TCU 360

All TCU. All the time.

TCU 360

TCU alumni connect with each other at Guy Fieri’s Dive & Taco Joint in downtown Kansas City, Missouri. on Friday Oct. 7, 2022. (Photo courtesy of Tristen Smith)
How TCU's alumni chapters keep the Horned Frog spirit alive post-grad
By Addison Thummel, Staff Writer
Published May 11, 2024
TCU graduates can stay connected with the Horned Frog community with alumni chapters across the nation.

TCU Frog Camps returning to more traditional look this summer

Frog Camp was held Aug. 12-16 on campus and online. (Heesoo Yang/Staff Photographer)

TCU’s Frog Camp continues to serve its purpose for incoming students as it approaches 30 years of camps, and will return to its normal format after being impacted by the pandemic last summer.

The camp was created by Barbara Herman in 1993 in hopes to bring the incoming TCU community closer together before actually getting to campus. The camp provides lifelong memories, a stable support system coming into campus and an understanding of all the available resources around the TCU community.

Why Frog Camp got started

Although Frog Camp is not mandatory, it is a major component of TCU’s First-Year Experience program which is designed to create a welcoming environment for incoming students.


One way Frog Camp makes sure to make the environment as comfortable and welcoming as possible is the inclusive traditions incorporated into the camp.

Frog Camp traditions include games, dancing, team bonding and learning the true meanings behind some of TCU’s traditions such as the Riff Ram Bah Zoo chant. 

“Each camp has its own unique traditions that serve to give the camp its own personality and purpose,” Hudson Auerbach, a TCU junior political science major on the Frog Camp Director Board, said. 

One unwritten tradition most students leave Frog Camp having experienced are the relationships they form. 

“Many come in pretty nervous as they do not know anyone at camp or coming to TCU. Within a few days, they leave not just knowing people also going to TCU but with friends who are going to TCU,” Brian McDermott, assistant director of first-year experience, said.


In order to make Frog Camp a unique and special experience for everyone involved, facilitators and directors have made sure to provide enough resources for everyone to form personal connections.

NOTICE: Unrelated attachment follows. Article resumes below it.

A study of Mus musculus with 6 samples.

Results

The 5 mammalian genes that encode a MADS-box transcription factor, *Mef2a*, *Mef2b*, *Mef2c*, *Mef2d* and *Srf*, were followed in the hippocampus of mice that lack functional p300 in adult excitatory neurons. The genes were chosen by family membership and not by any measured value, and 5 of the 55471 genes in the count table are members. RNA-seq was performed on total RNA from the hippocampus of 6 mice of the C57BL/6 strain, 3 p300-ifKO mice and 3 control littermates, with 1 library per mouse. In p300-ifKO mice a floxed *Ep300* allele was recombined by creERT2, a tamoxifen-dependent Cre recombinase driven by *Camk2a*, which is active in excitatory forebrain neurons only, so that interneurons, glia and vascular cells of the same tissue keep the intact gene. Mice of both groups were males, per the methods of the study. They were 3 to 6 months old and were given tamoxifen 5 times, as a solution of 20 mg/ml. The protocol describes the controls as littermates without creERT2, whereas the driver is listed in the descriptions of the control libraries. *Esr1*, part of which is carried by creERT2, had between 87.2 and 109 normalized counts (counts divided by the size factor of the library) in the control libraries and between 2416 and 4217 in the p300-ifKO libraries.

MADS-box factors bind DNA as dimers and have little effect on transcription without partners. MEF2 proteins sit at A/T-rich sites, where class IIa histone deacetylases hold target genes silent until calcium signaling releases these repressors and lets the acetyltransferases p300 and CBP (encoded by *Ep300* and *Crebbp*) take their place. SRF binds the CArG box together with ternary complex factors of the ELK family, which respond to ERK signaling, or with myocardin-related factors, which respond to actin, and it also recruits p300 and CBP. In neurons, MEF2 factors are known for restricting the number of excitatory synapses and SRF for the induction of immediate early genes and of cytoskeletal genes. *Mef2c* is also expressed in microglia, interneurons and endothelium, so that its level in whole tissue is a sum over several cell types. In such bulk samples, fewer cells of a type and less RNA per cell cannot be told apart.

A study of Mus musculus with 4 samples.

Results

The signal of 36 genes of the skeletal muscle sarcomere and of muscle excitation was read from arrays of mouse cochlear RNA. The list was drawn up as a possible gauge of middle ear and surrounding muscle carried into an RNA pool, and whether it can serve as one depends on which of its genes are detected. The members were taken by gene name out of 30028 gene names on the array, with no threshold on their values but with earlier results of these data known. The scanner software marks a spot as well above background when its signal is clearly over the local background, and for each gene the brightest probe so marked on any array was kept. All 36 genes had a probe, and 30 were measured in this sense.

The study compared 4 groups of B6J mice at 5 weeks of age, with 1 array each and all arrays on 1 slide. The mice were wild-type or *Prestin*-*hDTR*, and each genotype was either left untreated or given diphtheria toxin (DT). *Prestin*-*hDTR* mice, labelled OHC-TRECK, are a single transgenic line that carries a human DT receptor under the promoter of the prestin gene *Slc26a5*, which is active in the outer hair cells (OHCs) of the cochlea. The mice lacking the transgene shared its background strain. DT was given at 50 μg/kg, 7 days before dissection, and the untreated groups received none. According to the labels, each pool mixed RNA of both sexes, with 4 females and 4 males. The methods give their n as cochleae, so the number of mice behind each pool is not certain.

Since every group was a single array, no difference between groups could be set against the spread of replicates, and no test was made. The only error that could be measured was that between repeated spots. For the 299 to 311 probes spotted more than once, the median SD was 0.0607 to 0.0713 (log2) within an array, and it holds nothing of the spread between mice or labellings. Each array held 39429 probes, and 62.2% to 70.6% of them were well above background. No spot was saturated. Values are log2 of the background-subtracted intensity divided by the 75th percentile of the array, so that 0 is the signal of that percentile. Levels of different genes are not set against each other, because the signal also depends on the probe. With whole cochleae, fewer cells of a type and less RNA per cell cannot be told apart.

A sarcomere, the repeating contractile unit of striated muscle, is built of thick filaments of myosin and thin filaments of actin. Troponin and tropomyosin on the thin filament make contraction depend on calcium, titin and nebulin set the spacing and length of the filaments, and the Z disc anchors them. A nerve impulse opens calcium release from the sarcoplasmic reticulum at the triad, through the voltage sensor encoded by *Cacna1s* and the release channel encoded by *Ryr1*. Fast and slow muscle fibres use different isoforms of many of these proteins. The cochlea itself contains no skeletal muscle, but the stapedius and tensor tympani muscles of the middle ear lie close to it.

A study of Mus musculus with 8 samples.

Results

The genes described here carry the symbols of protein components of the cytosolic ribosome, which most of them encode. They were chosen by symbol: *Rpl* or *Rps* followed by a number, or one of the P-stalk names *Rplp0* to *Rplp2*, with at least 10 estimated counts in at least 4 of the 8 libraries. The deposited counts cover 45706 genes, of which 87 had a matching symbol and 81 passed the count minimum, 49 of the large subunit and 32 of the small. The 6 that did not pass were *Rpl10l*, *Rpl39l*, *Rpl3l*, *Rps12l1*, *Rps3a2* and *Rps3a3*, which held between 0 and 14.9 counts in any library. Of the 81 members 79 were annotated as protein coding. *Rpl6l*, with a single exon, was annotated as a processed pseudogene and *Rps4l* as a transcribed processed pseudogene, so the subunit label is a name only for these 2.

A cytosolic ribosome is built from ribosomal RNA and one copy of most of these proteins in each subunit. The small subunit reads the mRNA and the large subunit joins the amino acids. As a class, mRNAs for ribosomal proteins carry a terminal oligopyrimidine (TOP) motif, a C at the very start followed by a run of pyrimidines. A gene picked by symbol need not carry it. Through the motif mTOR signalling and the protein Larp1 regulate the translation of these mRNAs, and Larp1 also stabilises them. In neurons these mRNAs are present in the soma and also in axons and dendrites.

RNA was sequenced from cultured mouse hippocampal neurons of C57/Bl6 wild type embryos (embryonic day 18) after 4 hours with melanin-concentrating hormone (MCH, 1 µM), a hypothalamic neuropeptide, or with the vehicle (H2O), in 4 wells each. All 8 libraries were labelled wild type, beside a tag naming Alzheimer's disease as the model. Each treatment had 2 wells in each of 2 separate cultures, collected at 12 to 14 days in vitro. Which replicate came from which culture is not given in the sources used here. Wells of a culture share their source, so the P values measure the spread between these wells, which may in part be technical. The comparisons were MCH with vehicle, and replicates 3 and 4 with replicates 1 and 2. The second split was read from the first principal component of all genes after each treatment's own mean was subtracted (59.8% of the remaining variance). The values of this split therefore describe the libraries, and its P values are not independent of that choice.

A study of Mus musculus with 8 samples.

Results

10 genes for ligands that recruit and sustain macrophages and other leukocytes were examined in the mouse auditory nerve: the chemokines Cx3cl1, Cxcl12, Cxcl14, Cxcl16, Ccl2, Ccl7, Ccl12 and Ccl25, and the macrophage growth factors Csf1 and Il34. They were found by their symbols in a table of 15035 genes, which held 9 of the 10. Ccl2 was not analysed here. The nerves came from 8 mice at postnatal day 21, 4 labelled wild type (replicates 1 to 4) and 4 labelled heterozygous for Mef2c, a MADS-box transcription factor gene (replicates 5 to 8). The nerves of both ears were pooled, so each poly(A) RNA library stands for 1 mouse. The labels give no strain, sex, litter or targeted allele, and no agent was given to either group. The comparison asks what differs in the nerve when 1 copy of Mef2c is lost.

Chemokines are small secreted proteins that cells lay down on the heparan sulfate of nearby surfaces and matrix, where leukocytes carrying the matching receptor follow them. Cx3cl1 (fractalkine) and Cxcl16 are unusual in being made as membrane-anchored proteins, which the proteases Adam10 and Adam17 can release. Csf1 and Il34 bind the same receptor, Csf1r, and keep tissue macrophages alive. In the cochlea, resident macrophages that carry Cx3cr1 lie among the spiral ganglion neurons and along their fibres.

Although there are many different Frog Camps offered, one of the main focuses is to form deep friendships that will last throughout a student’s time at TCU and beyond.

Typically, there will be about 250-275 students at each camp. Within this big group of students are many different small groups that consist of only 10-15 students.

These small groups will have two co-facilitators, one male and one female. The small groups will also have one faculty or staff member join the group to serve as a resource for incoming students once they arrive on campus.

This year

Last year, Frog Camp was only held on the TCU campus due to the pandemic, but things are beginning to look up for this coming summer.

Frog Camp is returning to the more traditional values that come along with the camp while still following the safety guidelines that come with COVID-19.

This summer, six camps will be offered in Fort Worth (3 Casa Nueva camps, 2 Cultura camps, and 1 All-Stars camp) and one camp will take place in Bruceville, TX (Challenge).

There will also be two Alpine camps this summer which take place in Colorado. These camps will offer multiple activities and bonding opportunities for incoming students to enjoy with their future peers including sightseeing, games, dinners and many more excursions that go along with the location of the camp. 

Incoming students should continue to check their emails for more Frog Camp information. They can also go to sds.tcu.edu for more details. 

Advice going into Frog Camp from current students

“Have fun and remember, the more you put into Frog Camp, the more you get out of it,” Auerbach said.

“Be willing to be vulnerable and open-minded,” Jordyn Delong, senior child development major, said. 

“Don’t be afraid to go out of your comfort zone,” Laurel Stanley, a TCU junior art history major, said.